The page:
In Europe’s fight over banking bonus caps, Britain may have to shoot its golden goose

Bankers face the bonus cap blues.
Bankers face the bonus cap blues.
Image: Getty Images / Oli Scarff

Original story (Feb. 27, 1.25pm EST)

Member states of the European Union could agree today to cap bankers’ bonuses at no more than 100% of annual base salary. The rationale is to cut incentives for excessive risks and make banks safer, but British officials have been quietly but furiously lobbying against it (paywall) to protect the country’s financial sector.

But it may be a losing battle for Britain. EU states, including Germany, have said that while they sympathize with the UK’s concern they will support a cap if it allows them to pass broader legislation on bank capital requirements, Basel III, of which the bonus caps are a part.

Secondly and perhaps more importantly, shoring up Britain’s financial sector isn’t a political winner for UK officials. Before the financial crisis in 2007-08, London’s financial center, better known as “the City”, was seen as a golden goose and part of the country’s economy that the government openly and proudly defended, says Philip Whyte, a research fellow at the Centre for European Research, in London. ”That’s been blown out of the water now,” he says.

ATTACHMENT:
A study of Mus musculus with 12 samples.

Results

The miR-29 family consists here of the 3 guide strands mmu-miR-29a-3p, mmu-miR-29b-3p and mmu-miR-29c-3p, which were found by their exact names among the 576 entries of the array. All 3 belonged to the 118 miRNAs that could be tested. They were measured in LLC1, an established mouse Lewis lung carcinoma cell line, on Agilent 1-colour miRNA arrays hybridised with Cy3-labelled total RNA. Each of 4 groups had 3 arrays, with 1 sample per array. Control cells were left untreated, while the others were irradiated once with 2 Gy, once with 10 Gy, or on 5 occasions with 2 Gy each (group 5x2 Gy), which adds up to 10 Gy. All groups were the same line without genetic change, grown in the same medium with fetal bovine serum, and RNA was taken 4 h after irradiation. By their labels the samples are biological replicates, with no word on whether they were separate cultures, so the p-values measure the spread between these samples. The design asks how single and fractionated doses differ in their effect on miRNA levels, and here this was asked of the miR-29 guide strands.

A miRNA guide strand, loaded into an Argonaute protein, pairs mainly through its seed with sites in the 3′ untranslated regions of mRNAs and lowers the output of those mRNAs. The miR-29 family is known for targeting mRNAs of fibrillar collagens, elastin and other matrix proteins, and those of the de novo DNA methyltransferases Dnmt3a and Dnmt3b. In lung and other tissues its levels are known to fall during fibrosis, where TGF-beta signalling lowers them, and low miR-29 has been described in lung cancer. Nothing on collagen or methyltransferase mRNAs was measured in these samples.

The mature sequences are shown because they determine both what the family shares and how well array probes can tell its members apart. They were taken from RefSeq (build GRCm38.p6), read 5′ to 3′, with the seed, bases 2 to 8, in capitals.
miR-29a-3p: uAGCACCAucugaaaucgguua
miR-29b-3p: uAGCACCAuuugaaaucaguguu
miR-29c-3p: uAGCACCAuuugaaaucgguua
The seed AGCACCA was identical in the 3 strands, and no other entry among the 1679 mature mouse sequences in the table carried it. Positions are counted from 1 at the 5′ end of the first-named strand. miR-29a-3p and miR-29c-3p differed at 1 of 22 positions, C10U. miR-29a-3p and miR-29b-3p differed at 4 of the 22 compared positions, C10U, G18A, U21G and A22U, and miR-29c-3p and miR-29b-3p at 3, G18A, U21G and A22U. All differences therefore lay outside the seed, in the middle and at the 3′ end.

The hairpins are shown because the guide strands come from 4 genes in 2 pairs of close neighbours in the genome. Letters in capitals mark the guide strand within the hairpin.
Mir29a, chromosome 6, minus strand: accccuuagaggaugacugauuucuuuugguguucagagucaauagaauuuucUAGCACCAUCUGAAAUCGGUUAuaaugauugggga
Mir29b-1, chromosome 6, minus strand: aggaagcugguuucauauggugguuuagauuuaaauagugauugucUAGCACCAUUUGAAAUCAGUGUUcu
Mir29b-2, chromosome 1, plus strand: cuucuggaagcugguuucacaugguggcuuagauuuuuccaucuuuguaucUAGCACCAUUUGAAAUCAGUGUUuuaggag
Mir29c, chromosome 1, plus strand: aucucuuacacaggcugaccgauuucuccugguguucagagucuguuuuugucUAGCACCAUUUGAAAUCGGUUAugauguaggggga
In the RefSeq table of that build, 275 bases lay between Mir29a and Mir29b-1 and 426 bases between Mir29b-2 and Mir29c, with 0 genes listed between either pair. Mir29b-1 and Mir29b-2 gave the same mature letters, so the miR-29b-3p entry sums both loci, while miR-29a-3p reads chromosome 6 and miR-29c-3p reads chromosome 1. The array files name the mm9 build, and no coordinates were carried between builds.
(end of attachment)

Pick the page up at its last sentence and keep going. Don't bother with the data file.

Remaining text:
Today, the City employs nearly 700,000 people in financial services and accounts for about a tenth of UK economic output. But in a country where incomes have stagnated to 2003 levels, struggling residents either blame the banks for the crisis or resent what bankers earn in comparison to their own stagnant wages. A survey by YouGov in August last year found that 36% of UK adults believed the British banking industry had a widespread ethics problem; 30% believed that all British banks were driven by greed. Only 1% said they believed banks had learned their lessons from the financial crisis.

Median hourly wages have fallen back to their 2003 levels, in real terms. Bankers’ bonuses have in fact fallen even more sharply of late, from a peak total in 2008 of £11.5 billion to £4.4 billion ($6.7 billion) last year, and could fall to £1.6 billion in 2013, according to the Centre for Economics and Business Research. But they are still 10 to 20 times people’s base salaries.

British banks and the government are trying to remedy the sector’s image. Next week, Barclays discloses how many of its 140,000 staff earned above £1 million last year, after stating last week it had cut its bonus pool for 2012 by 15%. The government is requiring Barclays, Lloyds, HSBC and Royal Bank of Scotland to repay those it “mis-sold” financial instruments that cost residents and small businesses thousands of pounds in the financial crisis. British bank regulators have also pledged to forcibly dismantle banks who don’t separate their retail businesses from their riskier investment operations.

As we’ve written before, there will likely be loopholes in any version of the bonus cap, of which a decision or announcement of further delay is expected tonight. Which means for the British government, there’s little getting around a public angry at its banks.